As a big soccer fan, it was wonderful this past week to hear FirstEnergy Stadium will play host to a United States men's national team friendly May 29 against Belgium.
Quoting from the news release sent out about the event:
“We are extremely excited that FirstEnergy Stadium was selected as
the site for an event which will have a tremendous amount of national and
international interest,” said Browns CEO Joe Banner. “The opportunity to
host a match like this will give soccer fans who make the trip to Cleveland a
chance to see all of the great things that our city has to offer.”
Obviously, no national team event can be successful without the traveling Sam's Army lending their spirit to the occasion. But the wording there from Banner is interesting, emphasizing soccer fans who will be traveling to Cleveland as opposed to those who are already here.
Perhaps that in a way is because of lessons learned from previous experiences hosting large-scale international soccer. This will mark the second time the USMNT has traveled to the North Coast, the last coming May 26, 2006 for a 2-0 win over Venezuela. FirstEnergy Stadium, formerly known as Cleveland Browns Stadium, has also played host to U.S. women's and high-profile club matches, including a Celtic-Boca Juniors match in 2003 that I had the privilege of covering.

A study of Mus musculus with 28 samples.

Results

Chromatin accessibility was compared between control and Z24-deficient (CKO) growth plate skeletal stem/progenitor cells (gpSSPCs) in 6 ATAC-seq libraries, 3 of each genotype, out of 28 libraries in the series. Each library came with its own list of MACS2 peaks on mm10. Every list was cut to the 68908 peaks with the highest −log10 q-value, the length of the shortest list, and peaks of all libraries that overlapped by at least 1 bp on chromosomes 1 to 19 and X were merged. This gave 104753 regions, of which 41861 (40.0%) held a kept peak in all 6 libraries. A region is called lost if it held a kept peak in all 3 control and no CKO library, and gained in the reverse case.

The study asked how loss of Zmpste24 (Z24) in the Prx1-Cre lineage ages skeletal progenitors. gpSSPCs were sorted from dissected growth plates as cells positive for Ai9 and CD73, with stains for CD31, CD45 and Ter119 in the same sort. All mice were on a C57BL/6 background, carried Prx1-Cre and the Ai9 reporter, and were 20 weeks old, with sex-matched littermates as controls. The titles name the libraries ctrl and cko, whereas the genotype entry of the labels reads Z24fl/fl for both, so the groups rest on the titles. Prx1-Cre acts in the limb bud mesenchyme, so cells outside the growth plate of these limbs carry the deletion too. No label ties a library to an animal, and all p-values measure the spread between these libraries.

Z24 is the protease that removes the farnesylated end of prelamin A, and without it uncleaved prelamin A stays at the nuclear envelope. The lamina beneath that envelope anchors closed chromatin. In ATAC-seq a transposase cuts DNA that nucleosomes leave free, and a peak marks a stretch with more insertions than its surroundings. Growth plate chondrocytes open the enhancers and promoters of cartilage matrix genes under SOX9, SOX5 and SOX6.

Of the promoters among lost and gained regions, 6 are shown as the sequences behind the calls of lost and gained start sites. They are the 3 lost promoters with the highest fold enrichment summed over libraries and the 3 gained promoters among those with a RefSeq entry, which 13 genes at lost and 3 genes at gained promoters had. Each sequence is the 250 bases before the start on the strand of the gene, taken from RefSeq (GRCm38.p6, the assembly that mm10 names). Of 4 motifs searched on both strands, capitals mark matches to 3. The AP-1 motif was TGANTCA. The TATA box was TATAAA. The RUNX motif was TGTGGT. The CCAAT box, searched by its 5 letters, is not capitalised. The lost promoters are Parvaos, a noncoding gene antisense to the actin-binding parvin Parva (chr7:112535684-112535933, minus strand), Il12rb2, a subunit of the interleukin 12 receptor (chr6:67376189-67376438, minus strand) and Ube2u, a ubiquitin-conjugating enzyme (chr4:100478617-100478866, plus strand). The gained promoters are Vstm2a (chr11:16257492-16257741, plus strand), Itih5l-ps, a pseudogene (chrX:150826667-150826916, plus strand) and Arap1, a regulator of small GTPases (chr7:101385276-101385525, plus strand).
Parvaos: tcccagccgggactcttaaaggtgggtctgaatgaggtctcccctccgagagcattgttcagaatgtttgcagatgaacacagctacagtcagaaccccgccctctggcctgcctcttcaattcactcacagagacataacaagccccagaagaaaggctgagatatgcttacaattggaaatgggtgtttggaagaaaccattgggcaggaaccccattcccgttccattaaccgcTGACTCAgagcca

Let's be clear: It's great to have big-time soccer back in Cleveland, and it will continue to be in the future.
The only issue is attendance.
That 2006 USMNT match drew 29,745. That 2003 match, won by Celtic, 1-0, drew an announced crowd - emphasis on announced if memory serves - of 20,842. It creates an unfortunate sight in an NFL stadium of a lot of empty seats.
Here's to hoping this chance - against a Belgium side 19th in the latest FIFA world rankings - just draws a lot better, especially among the locals.
If the locals want to show the powers that be that Cleveland can be a host for these kinds of events, the locals need to show up.